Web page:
HOUSTON -- If nothing else, the Astros have proven to be a scrappy bunch. They refused to fold after falling behind by six runs Wednesday night and had their best hitter at the plate in the bottom of the ninth inning and a chance to pull out an improbable win.
With the crowd on its feet and the tying run standing near second base, slugger Hunter Pence battled relief pitcher Eduardo Sanchez for seven pitches before swinging through a 2-2 curveball for a game-ending strikeout that sealed the Cardinals' 6-5 win over the Astros at Minute Maid Park.
"The guys really gave me a golden opportunity, a great opportunity to get a big hit and I wasn't able finish it off for them and pick it up," Pence said. "He got me, and I've got to find a way to become better for it."
The fact the Astros had put themselves in position to pull out a win was hugely surprising considering how lifeless their offense seemed against St. Louis starter Kyle Lohse (4-1), who threw seven scoreless innings. When the Astros finally got to the Cardinals' struggling bullpen, the game changed.
"It seemed to be a little bit of a tonic for the Astros hitters," Cardinals right fielder Lance Berkman said.
The Astros kept the game in reach by turning five double plays, which was their most in a game in nearly eight years. And trailing 6-0 in the eighth, they rallied for three runs on a fielder's choice by Angel Sanchez and RBI singles by Pence and Brett Wallace, who extended his hitting streak to seven games by going 3-for-4.
"We all believe that we're going to pull together and do the things we need to do to get a win," Wallace said. "That might be someone hitting a homer, it might be single, single, single and someone will move someone over. We believe we can do it, and we've shown time after time we can put rallies together and put up runs."
Joe Inglett, who made a rare start at second base and went 2-for-4, sparked the Astros in the ninth with a one-out single and later scored on a triple to left-center by Jason Bourgeois (2-for-2) to cut the lead to 6-4. Bourgeois scored on Michael Bourn's sacrifice fly to get the Astros within a run.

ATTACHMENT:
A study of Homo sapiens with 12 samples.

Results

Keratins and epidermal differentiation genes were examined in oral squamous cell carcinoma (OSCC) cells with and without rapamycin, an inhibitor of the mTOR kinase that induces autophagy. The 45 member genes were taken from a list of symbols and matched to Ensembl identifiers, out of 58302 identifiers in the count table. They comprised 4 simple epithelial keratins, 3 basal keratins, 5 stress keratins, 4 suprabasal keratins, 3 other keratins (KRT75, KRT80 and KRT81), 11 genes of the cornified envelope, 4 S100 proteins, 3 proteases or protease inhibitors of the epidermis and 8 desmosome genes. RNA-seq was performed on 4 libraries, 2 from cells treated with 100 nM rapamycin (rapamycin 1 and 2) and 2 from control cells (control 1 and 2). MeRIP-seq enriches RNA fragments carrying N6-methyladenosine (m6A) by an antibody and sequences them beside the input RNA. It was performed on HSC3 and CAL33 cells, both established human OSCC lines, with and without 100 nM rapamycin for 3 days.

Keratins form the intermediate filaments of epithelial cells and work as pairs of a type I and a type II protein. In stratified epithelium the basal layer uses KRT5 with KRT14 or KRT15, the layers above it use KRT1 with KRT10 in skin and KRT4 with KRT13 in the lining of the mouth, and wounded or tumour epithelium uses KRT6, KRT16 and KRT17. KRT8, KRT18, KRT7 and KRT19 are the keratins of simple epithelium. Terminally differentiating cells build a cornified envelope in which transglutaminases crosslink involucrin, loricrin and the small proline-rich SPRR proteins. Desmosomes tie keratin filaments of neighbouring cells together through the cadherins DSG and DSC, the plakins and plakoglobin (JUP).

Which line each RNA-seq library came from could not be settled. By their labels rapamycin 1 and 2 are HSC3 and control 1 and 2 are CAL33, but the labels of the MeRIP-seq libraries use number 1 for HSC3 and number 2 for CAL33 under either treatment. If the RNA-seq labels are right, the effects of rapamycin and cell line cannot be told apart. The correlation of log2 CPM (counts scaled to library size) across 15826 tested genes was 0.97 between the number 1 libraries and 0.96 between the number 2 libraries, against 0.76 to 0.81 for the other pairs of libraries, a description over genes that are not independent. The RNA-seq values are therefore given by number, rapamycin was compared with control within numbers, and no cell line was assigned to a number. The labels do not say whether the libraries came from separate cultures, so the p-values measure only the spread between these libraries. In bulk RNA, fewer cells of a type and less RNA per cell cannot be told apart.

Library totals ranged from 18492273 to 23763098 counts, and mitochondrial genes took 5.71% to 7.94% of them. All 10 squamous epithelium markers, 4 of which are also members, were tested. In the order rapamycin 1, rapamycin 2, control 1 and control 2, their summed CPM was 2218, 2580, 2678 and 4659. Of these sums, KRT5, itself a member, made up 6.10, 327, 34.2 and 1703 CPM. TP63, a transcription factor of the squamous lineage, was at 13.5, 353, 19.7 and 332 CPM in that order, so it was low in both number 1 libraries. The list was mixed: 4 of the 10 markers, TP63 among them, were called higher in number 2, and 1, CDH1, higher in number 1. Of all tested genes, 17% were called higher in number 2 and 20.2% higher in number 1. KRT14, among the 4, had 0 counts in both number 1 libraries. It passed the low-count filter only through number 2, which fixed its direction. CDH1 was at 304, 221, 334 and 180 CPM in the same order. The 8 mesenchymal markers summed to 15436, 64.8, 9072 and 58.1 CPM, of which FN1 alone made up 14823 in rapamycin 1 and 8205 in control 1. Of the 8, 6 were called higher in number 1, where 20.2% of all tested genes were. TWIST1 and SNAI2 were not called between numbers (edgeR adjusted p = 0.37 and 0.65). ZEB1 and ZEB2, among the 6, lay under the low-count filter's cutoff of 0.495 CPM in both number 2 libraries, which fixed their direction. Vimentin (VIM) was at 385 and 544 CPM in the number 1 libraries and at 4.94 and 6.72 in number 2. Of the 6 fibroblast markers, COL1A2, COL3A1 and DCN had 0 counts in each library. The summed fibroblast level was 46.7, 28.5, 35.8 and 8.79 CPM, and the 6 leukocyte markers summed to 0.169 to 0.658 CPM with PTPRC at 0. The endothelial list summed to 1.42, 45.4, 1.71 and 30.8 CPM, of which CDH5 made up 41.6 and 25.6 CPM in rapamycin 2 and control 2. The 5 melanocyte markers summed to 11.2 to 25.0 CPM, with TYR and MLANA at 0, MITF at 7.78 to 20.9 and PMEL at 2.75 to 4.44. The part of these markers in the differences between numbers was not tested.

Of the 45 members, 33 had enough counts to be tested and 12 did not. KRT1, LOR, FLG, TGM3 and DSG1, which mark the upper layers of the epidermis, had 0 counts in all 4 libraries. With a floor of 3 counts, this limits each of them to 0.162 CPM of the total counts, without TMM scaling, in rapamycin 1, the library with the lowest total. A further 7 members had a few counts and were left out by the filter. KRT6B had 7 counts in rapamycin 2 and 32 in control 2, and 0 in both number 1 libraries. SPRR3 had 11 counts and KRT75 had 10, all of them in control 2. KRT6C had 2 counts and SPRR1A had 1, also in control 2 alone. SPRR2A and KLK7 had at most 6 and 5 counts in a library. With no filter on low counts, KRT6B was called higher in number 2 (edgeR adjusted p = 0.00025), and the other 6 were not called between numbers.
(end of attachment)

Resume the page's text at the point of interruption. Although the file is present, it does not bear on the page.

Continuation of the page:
"Everybody's believing at that point," Bourgeois said.
Down to the final out, Sanchez shot a fly ball to right field that sailed over the head of Berkman and bounced off the wall for a double. Suddenly, the Astros had the tying run at second base with Pence on his way to the plate.
"It went straight back over my head," Berkman said. "I couldn't get deep enough. I was playing in, in. We were guarding against the flare hit. [Otherwise] it would have been a routine catch."
Pence fouled off a pair of pitches at 2-2 before striking out to end the game.
"It was sure nice to see the guys be battling back and know it can happen," Astros manager Brad Mills said. "We've seen that more than once, and especially in the last two weeks. We've seen these guys battle back, and tonight was no exception. It was an absolutely outstanding effort all the way around."
Astros starter J.A. Happ (1-4) was the tough-luck losing pitcher. He threw 101 pitches in five innings, giving up just five hits and two runs -- a home run to Matt Holliday in the fourth that landed in the Crawford Boxes and a homer to Tyler Greene in the fifth that made it 2-0.
"I made a mistake, obviously, with the second home run, and it was the worst pitch of the day, and I paid for it," Happ said. "The first one, he pushed it into the boxes. He's a strong guy. Other than that, I felt pretty good."
The Cardinals scored four times in the seventh -- three off Enerio Del Rosario and one off Jose Valdez -- to take a 6-0 lead, sending nine batters to the plate. With no runs across and a runner at second and two outs in the inning, five consecutive batters reached for the Cardinals on four singles and a hit by pitch.
Albert Pujols and Holliday had RBI singles on ground balls to left field, and Berkman had a broken-bat single to right to drive in Pujols with what turned out to be the winning run.
"In the seventh, when Jose came into the game, they had two ground-ball singles that happened to go through for RBIs and a broken-bat single to right," Mills said. "There were some things they were able to do to break it out, but at the same time our guys were making some pretty good pitches, too."
Still, the Astros somehow wriggled their way back within striking distance and had convinced themselves they were about to cap what would have been the biggest comeback of the year. Perhaps they learned a thing or two along the way.
"You have to look at the big picture, but I thought the team battled back," Wallace said. "Obviously, we want to win every game we can and had an opportunity there, but we're growing every time we do that, and we'll learn things every time and hopefully start putting wins together."
Brian McTaggart is a reporter for MLB.com. This story was not subject to the approval of Major League Baseball or its clubs.